Hawaii Considers Increasing Smoking Age to 100 Years Old
Friday, 8 February 2019
by 👨💻 Simon Baxendale
Many countries and localities have different laws when it comes to age thresholds for smoking tobacco and drinking alcohol. Many states in the US have their own laws and guidelines, for example – and this week, it has emerged that Hawaii may be considering increasing the legal smoking age in the state to 100 years old. This would effectively mean that smoking would be outlawed to the vast majority of the population – which arrives shortly after a number of public pushes to reduce the number of active smokers living there.
It is thought that smoking is responsible for almost 500,000 deaths per year in the US medical system, with all of them being preventable. Therefore, bigger and bigger strides are being taken to both educate the public and to eliminate the risk of such preventable deaths increasing in the years to come.
According to Sky News, Dr Richard Creagan – representing the Democrats in the US – has reaffirmed that further action must be taken to get smoking outlawed outright. Speaking with the Hawaii Tribune-Herald, Dr Creagan advised that smoking has grown out of control in terms of being an addictive substance widely available to people from all walks of life.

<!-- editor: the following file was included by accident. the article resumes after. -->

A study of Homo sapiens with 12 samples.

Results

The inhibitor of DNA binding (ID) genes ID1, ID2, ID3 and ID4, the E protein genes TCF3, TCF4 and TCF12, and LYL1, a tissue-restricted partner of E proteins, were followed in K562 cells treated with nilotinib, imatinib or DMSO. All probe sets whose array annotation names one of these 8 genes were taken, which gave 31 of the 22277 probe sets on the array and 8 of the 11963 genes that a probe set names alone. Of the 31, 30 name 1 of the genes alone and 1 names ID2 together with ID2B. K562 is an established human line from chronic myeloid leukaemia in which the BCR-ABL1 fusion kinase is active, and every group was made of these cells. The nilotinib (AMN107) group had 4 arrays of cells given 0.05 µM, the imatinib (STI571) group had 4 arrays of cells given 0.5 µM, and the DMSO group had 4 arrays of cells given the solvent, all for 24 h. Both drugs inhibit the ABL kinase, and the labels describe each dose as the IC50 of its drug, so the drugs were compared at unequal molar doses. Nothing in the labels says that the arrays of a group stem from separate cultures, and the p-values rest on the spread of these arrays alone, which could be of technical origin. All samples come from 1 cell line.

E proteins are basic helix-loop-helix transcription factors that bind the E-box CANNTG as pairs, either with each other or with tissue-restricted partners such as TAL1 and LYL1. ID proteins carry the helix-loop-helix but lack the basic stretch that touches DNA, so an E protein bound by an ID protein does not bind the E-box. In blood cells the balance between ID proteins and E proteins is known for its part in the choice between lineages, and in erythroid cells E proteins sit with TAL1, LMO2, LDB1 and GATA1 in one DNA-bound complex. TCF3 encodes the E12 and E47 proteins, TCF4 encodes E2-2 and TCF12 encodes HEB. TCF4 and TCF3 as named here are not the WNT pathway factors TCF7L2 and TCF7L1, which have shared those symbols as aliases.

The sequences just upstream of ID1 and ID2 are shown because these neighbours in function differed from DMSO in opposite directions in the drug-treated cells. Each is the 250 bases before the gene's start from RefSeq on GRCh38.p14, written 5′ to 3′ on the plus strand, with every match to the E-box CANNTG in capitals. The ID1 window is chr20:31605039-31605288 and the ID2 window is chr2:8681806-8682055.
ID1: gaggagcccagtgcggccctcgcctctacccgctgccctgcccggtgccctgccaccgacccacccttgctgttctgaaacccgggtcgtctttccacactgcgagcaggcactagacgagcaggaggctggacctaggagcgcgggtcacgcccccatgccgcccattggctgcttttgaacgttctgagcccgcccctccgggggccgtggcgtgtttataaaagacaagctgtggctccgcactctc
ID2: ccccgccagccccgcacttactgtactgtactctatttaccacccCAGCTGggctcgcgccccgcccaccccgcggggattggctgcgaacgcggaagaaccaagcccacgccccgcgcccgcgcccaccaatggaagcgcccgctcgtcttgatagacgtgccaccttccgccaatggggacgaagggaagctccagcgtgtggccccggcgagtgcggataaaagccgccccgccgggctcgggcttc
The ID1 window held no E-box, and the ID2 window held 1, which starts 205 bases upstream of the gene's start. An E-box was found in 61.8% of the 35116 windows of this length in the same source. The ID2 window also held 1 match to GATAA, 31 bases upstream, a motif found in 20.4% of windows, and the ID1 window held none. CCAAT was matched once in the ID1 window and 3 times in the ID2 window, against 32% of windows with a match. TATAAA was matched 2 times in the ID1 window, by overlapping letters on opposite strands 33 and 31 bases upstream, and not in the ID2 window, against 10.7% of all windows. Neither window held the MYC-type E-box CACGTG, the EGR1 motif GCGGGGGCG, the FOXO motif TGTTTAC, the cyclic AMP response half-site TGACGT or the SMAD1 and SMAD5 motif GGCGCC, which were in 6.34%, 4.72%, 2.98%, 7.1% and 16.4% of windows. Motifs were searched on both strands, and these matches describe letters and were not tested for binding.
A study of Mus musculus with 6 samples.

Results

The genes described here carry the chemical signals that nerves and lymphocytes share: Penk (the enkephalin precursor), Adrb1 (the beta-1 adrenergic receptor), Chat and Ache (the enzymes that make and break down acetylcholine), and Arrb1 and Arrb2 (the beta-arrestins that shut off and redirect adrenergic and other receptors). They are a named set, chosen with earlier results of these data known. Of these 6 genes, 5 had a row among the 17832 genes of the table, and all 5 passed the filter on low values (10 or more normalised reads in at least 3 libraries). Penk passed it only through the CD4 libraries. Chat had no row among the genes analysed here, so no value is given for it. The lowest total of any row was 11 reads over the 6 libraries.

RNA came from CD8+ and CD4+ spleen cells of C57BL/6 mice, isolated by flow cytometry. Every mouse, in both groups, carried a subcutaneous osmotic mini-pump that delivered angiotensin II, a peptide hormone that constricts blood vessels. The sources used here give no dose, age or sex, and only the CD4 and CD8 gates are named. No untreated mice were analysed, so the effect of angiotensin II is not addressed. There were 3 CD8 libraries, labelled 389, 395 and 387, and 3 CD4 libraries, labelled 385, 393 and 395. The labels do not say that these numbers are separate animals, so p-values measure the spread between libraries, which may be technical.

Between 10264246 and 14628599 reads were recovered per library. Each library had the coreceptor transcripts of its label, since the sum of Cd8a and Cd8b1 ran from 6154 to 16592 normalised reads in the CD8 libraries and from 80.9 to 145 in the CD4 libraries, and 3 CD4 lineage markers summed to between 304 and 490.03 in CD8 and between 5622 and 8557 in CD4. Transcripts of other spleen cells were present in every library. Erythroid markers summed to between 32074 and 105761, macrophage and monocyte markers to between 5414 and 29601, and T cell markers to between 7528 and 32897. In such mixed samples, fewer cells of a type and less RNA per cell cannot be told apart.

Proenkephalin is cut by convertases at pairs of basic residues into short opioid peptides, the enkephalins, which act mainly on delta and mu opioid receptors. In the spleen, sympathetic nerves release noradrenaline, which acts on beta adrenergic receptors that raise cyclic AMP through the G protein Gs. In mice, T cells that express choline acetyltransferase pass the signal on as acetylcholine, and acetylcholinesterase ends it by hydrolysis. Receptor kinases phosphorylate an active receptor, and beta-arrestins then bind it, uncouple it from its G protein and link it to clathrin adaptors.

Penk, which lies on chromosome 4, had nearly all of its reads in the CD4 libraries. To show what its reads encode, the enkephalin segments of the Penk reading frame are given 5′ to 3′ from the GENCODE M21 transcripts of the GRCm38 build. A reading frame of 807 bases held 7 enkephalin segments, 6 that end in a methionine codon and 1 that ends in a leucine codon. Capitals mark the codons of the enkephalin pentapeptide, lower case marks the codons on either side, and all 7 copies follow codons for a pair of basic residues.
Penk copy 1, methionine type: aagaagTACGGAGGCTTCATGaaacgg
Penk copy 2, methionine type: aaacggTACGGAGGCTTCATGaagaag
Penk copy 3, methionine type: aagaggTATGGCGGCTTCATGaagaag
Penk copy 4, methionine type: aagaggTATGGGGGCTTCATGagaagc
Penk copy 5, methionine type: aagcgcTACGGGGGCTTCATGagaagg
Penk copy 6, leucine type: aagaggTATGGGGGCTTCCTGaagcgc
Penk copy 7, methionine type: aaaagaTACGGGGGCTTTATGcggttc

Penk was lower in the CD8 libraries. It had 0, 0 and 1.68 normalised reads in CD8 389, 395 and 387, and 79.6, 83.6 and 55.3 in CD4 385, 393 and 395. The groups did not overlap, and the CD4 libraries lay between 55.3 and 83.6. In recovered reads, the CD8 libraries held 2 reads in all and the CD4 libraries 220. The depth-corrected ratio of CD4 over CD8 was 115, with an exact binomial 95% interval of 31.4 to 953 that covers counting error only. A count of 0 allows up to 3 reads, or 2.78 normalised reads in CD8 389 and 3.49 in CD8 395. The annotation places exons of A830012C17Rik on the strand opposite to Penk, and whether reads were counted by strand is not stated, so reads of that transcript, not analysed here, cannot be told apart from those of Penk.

“We essentially have a group who are heavily addicted – in my view, enslaved – by a ridiculously bad industry – which has enslaved them by designing a cigarette that is highly addictive, knowing that it is highly lethal,” Dr Creagan confirmed.
Creagan intends to push for the legal age for smoking in Hawaii to be ramped up over several years, meaning that a gradual phasing out of tobacco smoking altogether would be sought. He is currently poised to suggest that the age limit be increased to 30 years old for 2020, 40 years old for 2021, 50 years old for 2022 and 60 years old for 2023. The ultimate goal – it is reported – is to outlaw anyone younger than 100 years old from smoking at all by 2024.
“We don’t allow people free access to opioids (…) or any prescription drugs,” Creagan advises. “This is more lethal, more dangerous than any prescription drug, and it is more addicting.”
Dr Creagan is himself a former smoker and is taking a stand against an industry which continues to thrive despite strides being made to encourage smokers to educate themselves on health risks associated with regular tobacco use.